Texas research team has published a report on the fusion of adult stem cells to damaged heart cells which enables healing of damage. In this case, the stem cells are from peripheral blood – the blood that circulates every day. Presumably, the origin of these cells is the bone marrow.
The review at Physorg.com. includes a discription of the current knowledge on heart repair and stem cells. Quoted is T.H.Yeh, M.D. one of the team from M. D. Anderson, the Texas Heart Institute at St. Luke’s Episcopal Hospital and The University of Texas Health Science Center at Houston.
Because many of the drugs and therapies used to treat cancer can cause heart damage, M. D. Anderson, a world-renowned cancer therapy and research center, also invests in the study of heart disease.
Cardiac adult stem cells seem to do two different things: they divide to form blood vessels and they fuse to injured heart muscle cells or “cardiomyocytes” to cause the muscle cells to demonstrate “stemness.” The original fused cells are now like very special stem cells that are cardiomyocytes that can divide and multiply for months, in order to repair the damage in the heart. Until recently, we were taught that heart muscle cells did not replicate and replace themselves in adults.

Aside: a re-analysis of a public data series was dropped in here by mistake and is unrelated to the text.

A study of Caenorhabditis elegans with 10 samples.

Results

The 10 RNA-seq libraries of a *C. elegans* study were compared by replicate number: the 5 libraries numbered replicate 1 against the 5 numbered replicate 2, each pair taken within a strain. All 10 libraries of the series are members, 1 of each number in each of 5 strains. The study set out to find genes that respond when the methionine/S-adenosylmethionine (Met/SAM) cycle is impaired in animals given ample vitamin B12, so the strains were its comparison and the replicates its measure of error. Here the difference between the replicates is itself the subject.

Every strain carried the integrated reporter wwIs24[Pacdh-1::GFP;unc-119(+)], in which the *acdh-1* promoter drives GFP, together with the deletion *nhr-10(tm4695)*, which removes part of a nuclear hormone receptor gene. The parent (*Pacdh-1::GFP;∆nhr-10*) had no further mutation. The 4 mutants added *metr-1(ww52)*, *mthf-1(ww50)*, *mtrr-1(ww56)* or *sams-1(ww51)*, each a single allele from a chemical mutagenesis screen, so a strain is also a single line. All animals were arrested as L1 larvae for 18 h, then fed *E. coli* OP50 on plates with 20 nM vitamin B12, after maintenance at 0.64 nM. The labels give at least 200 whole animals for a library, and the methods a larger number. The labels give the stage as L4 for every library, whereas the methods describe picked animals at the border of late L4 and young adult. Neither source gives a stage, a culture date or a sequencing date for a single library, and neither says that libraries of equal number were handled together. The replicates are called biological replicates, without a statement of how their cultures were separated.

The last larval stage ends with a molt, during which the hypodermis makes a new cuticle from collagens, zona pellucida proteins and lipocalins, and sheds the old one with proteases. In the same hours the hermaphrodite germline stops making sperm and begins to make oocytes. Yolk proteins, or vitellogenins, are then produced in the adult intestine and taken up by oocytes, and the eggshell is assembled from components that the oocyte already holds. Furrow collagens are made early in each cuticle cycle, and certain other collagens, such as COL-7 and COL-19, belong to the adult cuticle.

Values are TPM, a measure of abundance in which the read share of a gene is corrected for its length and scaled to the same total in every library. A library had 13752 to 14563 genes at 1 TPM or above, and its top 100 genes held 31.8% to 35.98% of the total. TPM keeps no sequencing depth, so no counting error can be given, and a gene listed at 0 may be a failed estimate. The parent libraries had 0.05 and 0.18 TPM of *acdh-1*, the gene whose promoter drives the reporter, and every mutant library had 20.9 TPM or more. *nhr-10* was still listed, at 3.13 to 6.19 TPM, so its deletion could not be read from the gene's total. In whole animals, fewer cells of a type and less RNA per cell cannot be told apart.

Yeh and his co-workers report on adult heart stem cells, three specific proteins, the mechanisms that stimulate their production, and evidence as to how these proteins and stem cells work after heart muscle damage. Two of the proteins, described as “sticky” similar to the two tapes in Velcro, are newly discovered by the team. Another protein, vascular endothelial growth factor or VEGF, was previously known to aid in the development of new blood vessels. In hearts, VEGF causes some of the stem cells to produce blood vessels rather than fuse to the damaged muscle cells. By a series of experiments using antibodies against the proteins in immune deficient mice with induced heart damage, the team has demonstrated one way the heart repairs itself and that the same adult stem cells can lead to new heart blood vessels and new heart muscle cells. The hope is that this discovery will allow us to increase the amount of repair in heart attack patients.
The abstract of the original article published in Circulation Research OnLine First, is available for free, here. The supplemental data and some figures are also available free, here.
The last author of the original article is James Willerson, M.D., the President of the University of Texas Health Science Center at Houston, and the man who went off to Brazil in order to do one of the first studies of bone marrow stem cells used to treat heart disease. He’s been mentioned on this blog, here and here.
Unfortunately, Willerson is often quoted advocating the creation of new embryonic stem cell lines, and the destruction of more and more human embryos in order to harvest those lines.